Nirmaan (“Creating”) is one of the oldest artisan groups. Its history is a story of movement from dependence to independence. In 1994, the artisans began to work for MarketPlace under the auspices of the nonprofit SHARE. When the cooperatives were re-organized as independent entities, Nirmaan was headed up by Abdulbai. A year ago, when Abdulbai moved to the MarketPlace design department, management of the group was taken over by the artisans themselves. The Nirmaan artisans are proud to be one of only two groups making knit garments, work which requires special sewing machines and additional skills.
Dhangauri has been an artisan with Nirmaan for over fifteen years. During that time, she has shown that she is a talented and dedicated worker. She also demonstrated leadership potential, with a flair for both management and conflict resolution. Her first leadership position was as supervisor of the embroidery artisans. In April 2017, she will take on even more responsibility as she assumes management of the entire group. This demanding position involves ordering all the raw materials, planning production, adapting production plans, managing finances and determining work distribution.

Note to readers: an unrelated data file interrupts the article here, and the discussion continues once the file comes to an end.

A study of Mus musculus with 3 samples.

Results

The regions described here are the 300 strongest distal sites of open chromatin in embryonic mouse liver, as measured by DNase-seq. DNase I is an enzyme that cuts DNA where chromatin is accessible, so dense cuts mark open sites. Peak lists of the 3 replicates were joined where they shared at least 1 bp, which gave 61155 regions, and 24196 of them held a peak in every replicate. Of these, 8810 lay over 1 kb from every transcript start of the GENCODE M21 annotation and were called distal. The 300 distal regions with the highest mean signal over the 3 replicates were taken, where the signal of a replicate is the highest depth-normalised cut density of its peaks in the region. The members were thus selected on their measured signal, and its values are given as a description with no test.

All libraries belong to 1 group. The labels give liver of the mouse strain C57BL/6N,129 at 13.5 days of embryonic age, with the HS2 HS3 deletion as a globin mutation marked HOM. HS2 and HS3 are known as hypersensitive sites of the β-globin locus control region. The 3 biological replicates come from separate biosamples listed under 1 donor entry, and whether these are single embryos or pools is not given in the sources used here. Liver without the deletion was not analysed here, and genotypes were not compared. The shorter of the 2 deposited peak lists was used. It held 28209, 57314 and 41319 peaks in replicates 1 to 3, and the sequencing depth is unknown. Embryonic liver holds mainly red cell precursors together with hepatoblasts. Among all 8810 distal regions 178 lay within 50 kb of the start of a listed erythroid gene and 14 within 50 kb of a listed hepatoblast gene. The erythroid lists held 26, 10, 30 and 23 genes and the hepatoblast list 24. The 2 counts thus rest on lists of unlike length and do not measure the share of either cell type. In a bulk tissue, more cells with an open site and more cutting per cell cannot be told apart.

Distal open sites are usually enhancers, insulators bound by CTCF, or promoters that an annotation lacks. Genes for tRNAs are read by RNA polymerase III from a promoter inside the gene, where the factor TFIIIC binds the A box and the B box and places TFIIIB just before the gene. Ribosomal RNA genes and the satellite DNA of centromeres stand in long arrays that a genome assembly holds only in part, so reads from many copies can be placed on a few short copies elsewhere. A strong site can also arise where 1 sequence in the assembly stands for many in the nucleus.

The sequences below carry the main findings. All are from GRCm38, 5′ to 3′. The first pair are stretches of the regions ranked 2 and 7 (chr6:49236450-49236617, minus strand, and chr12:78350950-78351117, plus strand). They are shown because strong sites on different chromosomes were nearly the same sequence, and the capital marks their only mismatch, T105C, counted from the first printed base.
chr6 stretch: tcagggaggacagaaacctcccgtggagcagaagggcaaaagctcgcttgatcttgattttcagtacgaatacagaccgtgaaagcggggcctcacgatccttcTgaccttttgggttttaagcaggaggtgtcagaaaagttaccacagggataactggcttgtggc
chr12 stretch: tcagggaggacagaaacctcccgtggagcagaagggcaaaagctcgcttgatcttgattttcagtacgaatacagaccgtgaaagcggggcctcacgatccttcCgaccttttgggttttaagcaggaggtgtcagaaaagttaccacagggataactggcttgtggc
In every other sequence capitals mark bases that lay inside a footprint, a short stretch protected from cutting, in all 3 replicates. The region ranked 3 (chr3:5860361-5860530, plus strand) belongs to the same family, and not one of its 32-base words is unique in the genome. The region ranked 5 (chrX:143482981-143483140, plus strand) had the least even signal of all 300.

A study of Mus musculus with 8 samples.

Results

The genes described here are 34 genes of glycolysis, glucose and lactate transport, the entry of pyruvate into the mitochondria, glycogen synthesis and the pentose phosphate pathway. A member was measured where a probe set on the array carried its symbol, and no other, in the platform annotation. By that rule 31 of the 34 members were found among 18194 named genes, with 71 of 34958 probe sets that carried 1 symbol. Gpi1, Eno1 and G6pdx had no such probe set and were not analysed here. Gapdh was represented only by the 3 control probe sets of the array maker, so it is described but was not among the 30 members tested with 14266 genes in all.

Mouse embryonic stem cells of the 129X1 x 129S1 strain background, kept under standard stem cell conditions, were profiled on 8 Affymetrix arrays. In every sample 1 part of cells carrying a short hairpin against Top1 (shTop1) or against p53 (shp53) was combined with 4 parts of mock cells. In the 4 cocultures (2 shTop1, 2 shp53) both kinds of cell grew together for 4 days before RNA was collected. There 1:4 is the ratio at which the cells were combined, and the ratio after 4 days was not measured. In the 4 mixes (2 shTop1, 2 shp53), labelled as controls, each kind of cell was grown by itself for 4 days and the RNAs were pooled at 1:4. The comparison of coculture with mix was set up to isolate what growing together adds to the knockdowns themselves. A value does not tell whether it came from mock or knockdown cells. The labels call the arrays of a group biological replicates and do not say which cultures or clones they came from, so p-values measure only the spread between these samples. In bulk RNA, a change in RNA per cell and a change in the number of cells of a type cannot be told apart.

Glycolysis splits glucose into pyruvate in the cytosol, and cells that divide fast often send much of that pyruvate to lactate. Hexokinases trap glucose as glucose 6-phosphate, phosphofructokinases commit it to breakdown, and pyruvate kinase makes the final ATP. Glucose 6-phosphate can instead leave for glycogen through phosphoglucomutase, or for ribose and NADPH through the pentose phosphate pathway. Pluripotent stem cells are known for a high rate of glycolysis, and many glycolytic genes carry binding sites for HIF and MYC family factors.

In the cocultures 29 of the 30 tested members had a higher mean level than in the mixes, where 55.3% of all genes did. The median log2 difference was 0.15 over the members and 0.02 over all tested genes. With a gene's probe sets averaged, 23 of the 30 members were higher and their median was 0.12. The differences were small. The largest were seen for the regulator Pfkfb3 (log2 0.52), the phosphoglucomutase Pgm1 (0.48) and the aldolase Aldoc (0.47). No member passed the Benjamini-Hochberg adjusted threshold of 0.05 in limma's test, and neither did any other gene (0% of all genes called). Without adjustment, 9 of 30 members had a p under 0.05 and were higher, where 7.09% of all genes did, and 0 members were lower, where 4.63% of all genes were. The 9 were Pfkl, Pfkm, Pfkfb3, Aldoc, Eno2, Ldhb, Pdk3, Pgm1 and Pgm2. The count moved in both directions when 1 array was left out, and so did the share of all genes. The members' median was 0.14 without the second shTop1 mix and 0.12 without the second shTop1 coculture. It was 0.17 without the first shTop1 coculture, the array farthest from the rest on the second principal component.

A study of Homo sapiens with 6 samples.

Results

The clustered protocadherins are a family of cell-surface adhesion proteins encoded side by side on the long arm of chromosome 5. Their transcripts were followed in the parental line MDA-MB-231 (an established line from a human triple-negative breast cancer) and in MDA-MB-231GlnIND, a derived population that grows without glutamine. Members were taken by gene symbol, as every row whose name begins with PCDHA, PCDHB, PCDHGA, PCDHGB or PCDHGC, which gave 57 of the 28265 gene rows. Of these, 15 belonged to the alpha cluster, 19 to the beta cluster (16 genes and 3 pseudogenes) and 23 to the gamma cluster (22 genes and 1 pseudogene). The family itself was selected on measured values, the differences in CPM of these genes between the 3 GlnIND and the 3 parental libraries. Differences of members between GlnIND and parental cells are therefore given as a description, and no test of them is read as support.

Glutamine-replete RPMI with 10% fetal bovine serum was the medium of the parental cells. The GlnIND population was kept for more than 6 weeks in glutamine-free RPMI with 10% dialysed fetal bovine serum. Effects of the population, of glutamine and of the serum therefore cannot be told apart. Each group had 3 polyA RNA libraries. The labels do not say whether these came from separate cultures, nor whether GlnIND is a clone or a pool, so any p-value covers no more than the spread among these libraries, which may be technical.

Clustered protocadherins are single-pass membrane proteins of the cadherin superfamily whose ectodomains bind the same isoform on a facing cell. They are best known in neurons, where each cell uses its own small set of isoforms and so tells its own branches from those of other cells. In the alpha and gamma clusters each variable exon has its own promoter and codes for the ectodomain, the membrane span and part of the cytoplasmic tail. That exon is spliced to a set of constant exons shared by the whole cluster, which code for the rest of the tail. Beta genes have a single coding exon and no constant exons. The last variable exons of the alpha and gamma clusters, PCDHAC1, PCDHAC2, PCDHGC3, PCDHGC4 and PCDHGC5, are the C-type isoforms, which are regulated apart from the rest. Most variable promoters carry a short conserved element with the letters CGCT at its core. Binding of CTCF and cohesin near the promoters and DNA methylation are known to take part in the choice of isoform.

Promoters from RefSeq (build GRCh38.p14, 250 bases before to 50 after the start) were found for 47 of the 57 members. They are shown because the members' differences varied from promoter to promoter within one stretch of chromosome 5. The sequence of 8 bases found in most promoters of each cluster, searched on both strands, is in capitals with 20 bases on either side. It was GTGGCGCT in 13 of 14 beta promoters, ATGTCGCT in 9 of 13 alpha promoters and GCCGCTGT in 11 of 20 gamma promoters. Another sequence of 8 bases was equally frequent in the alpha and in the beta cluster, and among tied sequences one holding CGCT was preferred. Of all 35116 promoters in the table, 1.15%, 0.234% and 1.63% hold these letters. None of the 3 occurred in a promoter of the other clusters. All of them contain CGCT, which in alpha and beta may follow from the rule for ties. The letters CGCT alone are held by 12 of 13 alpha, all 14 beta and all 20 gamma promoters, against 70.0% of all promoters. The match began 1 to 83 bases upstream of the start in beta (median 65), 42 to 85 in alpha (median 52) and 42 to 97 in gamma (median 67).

Life at Nirmaan can be very lively. Years of exposure to educational programs, activism, and leadership training have produced a group of strong and assertive women. Sometimes there are clashing opinions, but the artisans draw on their extensive experience and training to come up with creative solutions to conflicts. They always remember that the goal is to support and improve themselves and their group.
Other groups look up to Nirmaan as a long-time success story, and the Nirmaan artisans are always ready to help with advising and supporting newer, less-experienced groups. They also mentor new members of their own group, helping them to increase their speed and improve product quality – thus earning more.
The artisans at Nirman may argue at times, but they are also very close. They plan festival celebrations and support each other in times of trouble. They take pride in their hard work and in coordinating their production to be more efficient. But they also know when and how to be flexible: “I am really grateful to the other members to agree to allow me to come an hour later so that I could complete all the housework and take my son to school before coming to work. I could not have been able to continue working if they had not been supportive and I am the sole breadwinner in my family,” says Sunita.